Qatar Airways will be the first airline to launch services on the Dreamliner. Ian Taylor speaks to chief executive Akbar Al Baker
Qatar Airways will launch daily Boeing 787 services from Heathrow to Doha in September, becoming the first carrier to operate the new aircraft from the UK.
The carrier’s chief executive Akbar Al Baker confirmed he aims for a September start date. He said he would announce the Heathrow launch “once we have a firm date of delivery”.
The first of Qatar Airways’ 787s was on display at Farnborough Air Show last week. But the Dreamliner returned to the US last Thursday to have the in-flight entertainment system installed.
Qatar hopes to take delivery of the aircraft by early September, allowing it to begin services from Heathrow towards the end of the month.
The airline operates five services a day from Heathrow to its Doha hub. It is likely to operate the 787 on the 06.30 departure from Doha to Heathrow and return to Qatar in the afternoon.
The 15.05 departure from Heathrow connects at Doha with services to the Far East and Australia and Qatar intends to put its second 787 on services to Australia.
The carrier launched its second service to Australia this month, to Perth, operating on Mondays, Wednesdays and Fridays with the mid-afternoon departure from Heathrow linked to connecting flights.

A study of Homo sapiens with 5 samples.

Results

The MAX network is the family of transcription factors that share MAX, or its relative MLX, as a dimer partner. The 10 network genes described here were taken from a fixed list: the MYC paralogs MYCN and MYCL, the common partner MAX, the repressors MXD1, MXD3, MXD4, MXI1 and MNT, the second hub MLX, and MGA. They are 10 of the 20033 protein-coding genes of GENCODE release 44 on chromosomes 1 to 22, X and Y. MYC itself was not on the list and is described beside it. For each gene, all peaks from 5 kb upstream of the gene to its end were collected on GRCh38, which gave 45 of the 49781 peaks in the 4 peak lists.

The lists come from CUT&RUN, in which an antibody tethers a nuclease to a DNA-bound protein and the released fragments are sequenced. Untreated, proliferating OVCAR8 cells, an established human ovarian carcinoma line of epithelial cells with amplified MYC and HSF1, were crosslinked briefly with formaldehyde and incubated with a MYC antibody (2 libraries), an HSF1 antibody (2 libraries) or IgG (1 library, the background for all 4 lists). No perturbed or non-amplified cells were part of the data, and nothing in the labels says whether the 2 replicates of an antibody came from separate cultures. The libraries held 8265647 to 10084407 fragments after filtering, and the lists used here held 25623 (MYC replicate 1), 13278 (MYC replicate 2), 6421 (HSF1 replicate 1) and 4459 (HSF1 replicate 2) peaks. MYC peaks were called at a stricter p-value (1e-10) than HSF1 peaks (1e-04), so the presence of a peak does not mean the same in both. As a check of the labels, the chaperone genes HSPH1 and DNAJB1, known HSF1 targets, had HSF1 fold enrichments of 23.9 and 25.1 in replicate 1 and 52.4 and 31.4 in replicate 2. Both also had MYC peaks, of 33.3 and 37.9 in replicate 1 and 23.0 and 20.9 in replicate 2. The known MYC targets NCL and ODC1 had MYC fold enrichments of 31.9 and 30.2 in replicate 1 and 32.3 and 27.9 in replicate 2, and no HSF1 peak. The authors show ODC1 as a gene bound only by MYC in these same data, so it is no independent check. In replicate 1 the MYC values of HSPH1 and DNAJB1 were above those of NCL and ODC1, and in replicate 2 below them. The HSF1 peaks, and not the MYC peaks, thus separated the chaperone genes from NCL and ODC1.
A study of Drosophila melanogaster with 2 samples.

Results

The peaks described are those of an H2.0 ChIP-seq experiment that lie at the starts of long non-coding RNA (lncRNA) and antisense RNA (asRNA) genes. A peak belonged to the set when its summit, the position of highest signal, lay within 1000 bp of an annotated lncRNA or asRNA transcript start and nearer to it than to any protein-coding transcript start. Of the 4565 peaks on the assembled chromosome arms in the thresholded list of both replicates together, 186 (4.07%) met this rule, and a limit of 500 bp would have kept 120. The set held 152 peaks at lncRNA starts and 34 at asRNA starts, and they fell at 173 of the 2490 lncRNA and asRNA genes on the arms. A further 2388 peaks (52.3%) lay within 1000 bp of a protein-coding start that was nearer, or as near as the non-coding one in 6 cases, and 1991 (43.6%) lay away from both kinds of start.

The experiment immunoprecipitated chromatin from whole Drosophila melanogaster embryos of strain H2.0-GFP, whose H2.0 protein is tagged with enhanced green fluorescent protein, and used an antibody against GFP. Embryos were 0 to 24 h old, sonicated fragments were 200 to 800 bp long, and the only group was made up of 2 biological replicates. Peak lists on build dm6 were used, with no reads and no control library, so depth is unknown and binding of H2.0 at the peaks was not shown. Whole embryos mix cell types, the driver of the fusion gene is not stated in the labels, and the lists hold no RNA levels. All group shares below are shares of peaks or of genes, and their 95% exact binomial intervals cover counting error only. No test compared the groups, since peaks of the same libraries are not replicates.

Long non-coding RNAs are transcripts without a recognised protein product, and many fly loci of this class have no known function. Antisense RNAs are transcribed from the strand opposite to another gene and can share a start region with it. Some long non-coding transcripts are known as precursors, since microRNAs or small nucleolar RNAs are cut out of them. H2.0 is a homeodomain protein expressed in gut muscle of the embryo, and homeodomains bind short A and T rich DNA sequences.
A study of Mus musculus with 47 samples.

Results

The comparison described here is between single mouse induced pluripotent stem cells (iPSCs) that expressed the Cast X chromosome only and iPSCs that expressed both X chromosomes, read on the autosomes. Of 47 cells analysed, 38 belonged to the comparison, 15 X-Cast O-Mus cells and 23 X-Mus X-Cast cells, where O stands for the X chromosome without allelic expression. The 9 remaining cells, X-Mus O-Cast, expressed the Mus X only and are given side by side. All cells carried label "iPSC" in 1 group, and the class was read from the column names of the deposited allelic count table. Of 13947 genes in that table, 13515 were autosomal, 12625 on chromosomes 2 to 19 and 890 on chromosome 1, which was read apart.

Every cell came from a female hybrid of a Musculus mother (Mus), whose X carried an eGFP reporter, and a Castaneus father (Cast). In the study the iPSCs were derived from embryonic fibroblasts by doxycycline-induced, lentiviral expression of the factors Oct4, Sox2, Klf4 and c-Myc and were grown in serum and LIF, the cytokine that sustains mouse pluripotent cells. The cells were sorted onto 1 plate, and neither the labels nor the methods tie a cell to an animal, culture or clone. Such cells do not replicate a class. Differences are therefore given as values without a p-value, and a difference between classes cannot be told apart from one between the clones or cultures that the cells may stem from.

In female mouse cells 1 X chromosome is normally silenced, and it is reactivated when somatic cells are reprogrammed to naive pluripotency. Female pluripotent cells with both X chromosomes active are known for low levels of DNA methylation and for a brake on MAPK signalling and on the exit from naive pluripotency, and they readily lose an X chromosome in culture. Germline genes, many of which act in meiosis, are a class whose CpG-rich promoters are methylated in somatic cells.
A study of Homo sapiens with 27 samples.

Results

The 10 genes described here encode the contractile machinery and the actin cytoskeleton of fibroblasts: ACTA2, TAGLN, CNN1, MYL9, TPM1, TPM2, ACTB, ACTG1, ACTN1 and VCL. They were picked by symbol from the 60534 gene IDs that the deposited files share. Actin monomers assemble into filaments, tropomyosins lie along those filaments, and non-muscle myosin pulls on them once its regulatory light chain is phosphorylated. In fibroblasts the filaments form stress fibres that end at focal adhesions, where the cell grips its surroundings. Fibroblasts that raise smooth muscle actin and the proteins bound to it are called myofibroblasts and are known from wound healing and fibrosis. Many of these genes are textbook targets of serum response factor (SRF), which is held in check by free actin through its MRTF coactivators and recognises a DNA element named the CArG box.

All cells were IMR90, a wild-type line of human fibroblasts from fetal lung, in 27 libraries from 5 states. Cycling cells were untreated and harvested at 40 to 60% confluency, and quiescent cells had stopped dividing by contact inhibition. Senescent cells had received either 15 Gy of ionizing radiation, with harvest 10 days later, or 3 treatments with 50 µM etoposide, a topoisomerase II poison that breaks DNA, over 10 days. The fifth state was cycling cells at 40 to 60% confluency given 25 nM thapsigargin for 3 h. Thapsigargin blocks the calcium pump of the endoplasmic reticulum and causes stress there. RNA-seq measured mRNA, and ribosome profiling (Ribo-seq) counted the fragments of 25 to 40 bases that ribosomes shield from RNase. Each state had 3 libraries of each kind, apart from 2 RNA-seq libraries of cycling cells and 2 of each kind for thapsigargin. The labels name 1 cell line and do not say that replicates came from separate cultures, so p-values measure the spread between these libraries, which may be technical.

Qatar has 30 787s on firm order and options on another 30. It has resisted declaring its 787 service from Heathrow will be the first from the UK, but there appears only one other carrier with an outside chance to beat it. Air India has the aircraft on order and, in theory, could take delivery in time to pip Qatar.
Yet it is understood Boeing is unlikely to release the aircraft to Air India in time. Japanese carriers All Nippon Airways and JAL already have the 787 in service, but have shown no sign of interest in flying the Dreamliner from Heathrow.
INSIDE QATAR AIRWAYS’ 787
The 787 is striking on the ground: light and airy, with an unusual sense of space.
The high ceiling and elegant baggage compartments are one reason; the enlarged windows and lack of blinds another; the subtle but enhanced lighting a third.
But it is the performance in the air that will mark out the Dreamliner. Its wings flex astonishingly on take-off and landing. It looks extraordinarily graceful, especially alongside the lumbering A380.
Qatar’s business class cabin will have 22 seats in a 1-2-1 configuration, with two extra seats at the back. The seats lie at angles to one another, with lots of leg room – the most I’ve seen in the latest round of premium cabin upgrades.
There wasn’t time to lower the lie-flat bed, but the seat looks set to raise the business-cabin bar. There is a 17-inch entertainment monitor and extensive work space in front of and around the seat as the tray table combines with a side try to make a sizable desk.
Economy seats are set out in a 3-3-3 configuration with a 31-inch pitch, which sounds small but feels more comfortable because of the slim seat back. A 10.6-inch monitor, iPhone-style control and USB port are standard in economy.